6/17/2011

West Virginia coach Dana Holgorsen met with the media Friday and then took the time for a brief phone interview with me. We discussed his new job, expectations and a host of other topics. Stay tuned for Part II on Monday.

Now that you are head coach, how are you going to prepare for all the added responsibilities that come along with the job?

DH: I’ve been preparing for this for quite some time. I knew it was going to happen here quick. I’ve been here six months. I’m familiar with how things work around here. The base of what we do is not going to change. Every kid on our team, their day-to-day stuff from academics to strength coaches to how they’re treated in the training room to who their position coach is, what their schemes are, nothing is going to change from what we did in the spring. What’s going to change is being in charge of 100 percent of the kids as opposed to 50 percent. As offensive coordinator, I learned about all the kids on offense and what makes them tick. Now I’ve got to get on the defensive side and get to know who they are and what makes them tick.

AA: How are you going to go about doing that?

DH: When you see 'em, talk to 'em. If it takes until midseason to get to know a few of them the way I want to, that’s the way it works. I'm never going to miss an opportunity to be able to talk to a kid and get to know him.

AA: How about your role as offensive coordinator during games. How is that going to affect you as the head coach?

DH: I wanted to make sure that I was able to bring in guys that I know, that I trust, that know how I tick and know how I work and know the X's and O's. The offensive assistants I brought in are all on the same page that I am; I feel really good about that. If I need to leave the room to handle a phone call, leave the room to discuss something with Coach [Jeff] Casteel, the trainer, academic guys, I can leave that room and it can keep working on offense. From a game-day standpoint, from an offensive standpoint when to kick it when not to kick it, when to call a timeout when not to call a timeout, that’s easy. The challenge is going to be on defense. I’m going to have to pull myself away from the players, but I can do that with guys on the sideline who understand how I work.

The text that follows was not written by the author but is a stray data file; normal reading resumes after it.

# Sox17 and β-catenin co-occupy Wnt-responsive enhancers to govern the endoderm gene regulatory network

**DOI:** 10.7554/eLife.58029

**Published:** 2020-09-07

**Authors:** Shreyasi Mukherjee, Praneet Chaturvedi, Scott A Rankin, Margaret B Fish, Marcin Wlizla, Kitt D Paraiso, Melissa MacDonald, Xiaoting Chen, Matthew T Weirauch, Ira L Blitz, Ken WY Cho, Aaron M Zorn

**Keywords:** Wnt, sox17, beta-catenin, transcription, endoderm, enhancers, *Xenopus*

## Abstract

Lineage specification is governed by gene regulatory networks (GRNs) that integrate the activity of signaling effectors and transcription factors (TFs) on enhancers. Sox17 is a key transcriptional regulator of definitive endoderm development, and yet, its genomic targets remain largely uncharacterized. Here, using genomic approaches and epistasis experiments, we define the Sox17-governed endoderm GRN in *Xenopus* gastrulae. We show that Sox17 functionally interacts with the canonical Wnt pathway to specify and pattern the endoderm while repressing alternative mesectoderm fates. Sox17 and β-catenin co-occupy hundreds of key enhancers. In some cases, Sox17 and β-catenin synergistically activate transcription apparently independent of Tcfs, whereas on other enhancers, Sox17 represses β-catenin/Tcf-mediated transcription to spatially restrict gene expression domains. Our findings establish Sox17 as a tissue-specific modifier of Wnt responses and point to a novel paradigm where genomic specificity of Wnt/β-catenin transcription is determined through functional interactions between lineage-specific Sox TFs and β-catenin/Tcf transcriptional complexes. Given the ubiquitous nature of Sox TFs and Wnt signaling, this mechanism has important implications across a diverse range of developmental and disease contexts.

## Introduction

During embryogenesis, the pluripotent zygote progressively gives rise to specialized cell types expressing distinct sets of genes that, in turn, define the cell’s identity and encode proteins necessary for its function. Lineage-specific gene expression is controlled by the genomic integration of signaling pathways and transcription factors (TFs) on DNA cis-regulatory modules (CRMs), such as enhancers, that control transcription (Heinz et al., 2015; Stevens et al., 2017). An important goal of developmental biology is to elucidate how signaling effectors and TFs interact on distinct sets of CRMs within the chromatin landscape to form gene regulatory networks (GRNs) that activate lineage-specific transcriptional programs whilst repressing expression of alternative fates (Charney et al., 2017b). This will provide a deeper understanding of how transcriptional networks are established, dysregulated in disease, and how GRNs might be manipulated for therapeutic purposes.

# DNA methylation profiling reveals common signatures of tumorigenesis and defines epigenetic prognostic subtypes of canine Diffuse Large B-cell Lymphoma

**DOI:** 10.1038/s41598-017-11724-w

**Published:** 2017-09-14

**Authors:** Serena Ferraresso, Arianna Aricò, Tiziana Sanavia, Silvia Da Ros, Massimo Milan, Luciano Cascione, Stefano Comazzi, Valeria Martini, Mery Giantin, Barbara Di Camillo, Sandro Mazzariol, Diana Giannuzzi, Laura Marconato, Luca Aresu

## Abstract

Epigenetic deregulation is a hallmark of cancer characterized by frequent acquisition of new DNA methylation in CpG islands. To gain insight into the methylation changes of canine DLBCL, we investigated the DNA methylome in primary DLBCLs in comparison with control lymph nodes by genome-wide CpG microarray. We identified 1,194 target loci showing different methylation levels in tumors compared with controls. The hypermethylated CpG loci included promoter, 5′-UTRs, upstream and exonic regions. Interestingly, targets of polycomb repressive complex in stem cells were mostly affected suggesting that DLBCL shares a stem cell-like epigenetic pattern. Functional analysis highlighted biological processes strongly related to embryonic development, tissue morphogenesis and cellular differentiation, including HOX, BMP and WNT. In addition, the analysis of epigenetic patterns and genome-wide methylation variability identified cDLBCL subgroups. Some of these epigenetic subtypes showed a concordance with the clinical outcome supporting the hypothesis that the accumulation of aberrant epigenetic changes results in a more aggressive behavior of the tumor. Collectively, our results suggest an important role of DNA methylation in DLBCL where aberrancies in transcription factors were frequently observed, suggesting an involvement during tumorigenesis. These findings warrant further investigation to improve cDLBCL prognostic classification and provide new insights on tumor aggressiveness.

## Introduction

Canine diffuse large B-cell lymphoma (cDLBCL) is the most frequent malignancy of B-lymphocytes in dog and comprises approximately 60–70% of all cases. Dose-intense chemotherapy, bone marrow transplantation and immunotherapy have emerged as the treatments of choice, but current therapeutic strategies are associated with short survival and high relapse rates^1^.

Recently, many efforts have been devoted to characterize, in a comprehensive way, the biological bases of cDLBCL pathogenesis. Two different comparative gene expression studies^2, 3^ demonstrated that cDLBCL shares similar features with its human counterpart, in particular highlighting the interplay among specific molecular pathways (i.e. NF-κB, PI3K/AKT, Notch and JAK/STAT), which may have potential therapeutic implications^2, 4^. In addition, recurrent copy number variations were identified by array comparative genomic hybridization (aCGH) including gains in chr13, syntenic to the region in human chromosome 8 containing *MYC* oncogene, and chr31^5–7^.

AA: Might you see how it works this year as offensive coordinator and then decide whether it is something you want to do long term?

DH: I’ve seen it be successful both ways. I was one of the guys Mike Leach trusted and he was pretty successful at Texas Tech. I’m pretty close with [Houston coach] Kevin Sumlin. He turned it over to me and then recently [co-offensive coordinator] Kliff [Kingsbury] to the point where he was always in tune with the game. I have to evaluate where we’re at. I don’t want to change it now because of how we did things in the spring. I truly believe spring is incredibly vital to your success in the fall.

AA: What has this last week been like for you?

DH: I had some pretty big emotions Friday. It was happening a little quicker than I thought. I had been anticipating this for quite some time, so there was a bunch of excitement. I took some time off, went fishing, did some different things where I could reflect on what needs to happen from here on out. It wasn’t going to be a whole deal to sit down and reflect on what has happened. It’s more what we have to do to move forward.

AA: What did you think as you saw West Virginia become such a national story?

DH: I ignored it. My job was to be the offensive coordinator. My job hasn’t changed since the day I was hired. My job was to be the offensive coordinator and do everything I can from the X-and-O standpoint to get our guys in position to have the best season we could. I just kept my head down and remained focused on task at hand.

AA: Have you talked to Bill Stewart since last Friday?

DH: Last Saturday briefly for a few minutes he came in and met with the support staff, met with the team. We visited in passing and he was out the door. I really appreciate everything he’s done for West Virginia. He’s a good person.